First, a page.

Councils will need 60% of tax revenues for social care funding, warns thinktank
Councils in England will need to spend 60% of their revenues on adult social care by 2025 unless they are bailed out for the government, an economics thinktank has warned.
The Institute of Fiscal Studies (IFS) said that the total amount of funding available to councils looks like it will become “increasingly inadequate”, despite an end to overall budget cuts.
This is because current government plans envisage councils relying on council tax and business rates for the vast bulk of their funding – and revenues from these taxes are “unlikely to keep a pace” with rising costs and demands, the thinktank said.
Without additional funding, this would mean cuts to other services, many of which have already seen cuts of more than 40%.
Analysis by the think tank found that even if council tax was increased by 4.7% a year – the average increase this year including the extra increases ring-fenced for social care – adult social care could amount to 50% of local tax revenues.
David Phillips, an associate director at the IFS and an author of the report, said: “Current plans for councils to rely on council tax and business rates for the vast bulk of their funding don’t look compatible with our expectations of what councils should provide.”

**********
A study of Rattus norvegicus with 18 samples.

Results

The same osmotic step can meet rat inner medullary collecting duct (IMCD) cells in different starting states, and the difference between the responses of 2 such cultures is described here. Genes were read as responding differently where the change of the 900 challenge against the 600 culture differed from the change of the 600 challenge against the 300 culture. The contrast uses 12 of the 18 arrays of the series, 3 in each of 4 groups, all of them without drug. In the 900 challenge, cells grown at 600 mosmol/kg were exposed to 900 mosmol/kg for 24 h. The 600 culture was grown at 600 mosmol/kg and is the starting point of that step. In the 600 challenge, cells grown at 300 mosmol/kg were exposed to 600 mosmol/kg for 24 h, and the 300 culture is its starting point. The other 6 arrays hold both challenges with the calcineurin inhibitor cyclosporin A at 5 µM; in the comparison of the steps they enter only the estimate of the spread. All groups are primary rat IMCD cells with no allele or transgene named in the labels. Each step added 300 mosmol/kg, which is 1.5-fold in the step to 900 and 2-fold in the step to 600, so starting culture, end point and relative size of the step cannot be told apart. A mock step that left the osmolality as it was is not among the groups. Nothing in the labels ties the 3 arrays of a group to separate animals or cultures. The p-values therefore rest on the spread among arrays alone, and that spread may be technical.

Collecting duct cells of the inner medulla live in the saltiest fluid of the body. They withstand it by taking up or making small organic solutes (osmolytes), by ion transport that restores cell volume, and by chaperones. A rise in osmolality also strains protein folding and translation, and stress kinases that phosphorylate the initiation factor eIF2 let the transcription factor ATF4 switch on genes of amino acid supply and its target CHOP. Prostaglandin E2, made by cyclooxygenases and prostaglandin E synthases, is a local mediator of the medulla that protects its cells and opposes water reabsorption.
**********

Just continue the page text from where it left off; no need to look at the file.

The report shows overall spending on local services by English councils fell by 21% between 2009-10 and 2017-18.
Some services have seen much deeper cuts though; spending on planning & development and housing services fell by more than 50%.
This has allowed councils to protect social care services from the full force of budget cuts. Spending on adult social care fell by 5% between 2009–10 and 2017–18 – although the numbers receiving care fell by much more.
The thinktank said ministers were presented with a big choice: either authorities are given additional money to enable them to continue providing existing services, or the government should be upfront with voters that councils cannot afford to maintain the same services they currently provide.
“A proper national debate on how much we are willing to pay and what we expect of councils is therefore needed, said Philipps.
“Without it, we will default to a situation where the services councils can provide are gradually eroded without an explicit decision being taken – until ad hoc funding is found as a response to political pressure. Such an approach would not be conducive to long-term planning by either councils or the government.”
The IFS report follows the publication of a report by Pricewaterhouse Coopers, which found that councils face a £50bn black hole over the next years due to rising demand for services and increasing costs.
Research for the County Councils Network found that raising council taxes and increasing efficiency will not be enough to fill the funding gap and that adult social care spending will rise by £6.1bn nationally by 2025 compared with a decade before.
Analysis by the BBC has also identified 11 authorities the Chartered Institute of Public Finance and Accountancy (Cipfa) said would have “fully exhausted” reserves within four years unless they topped them up.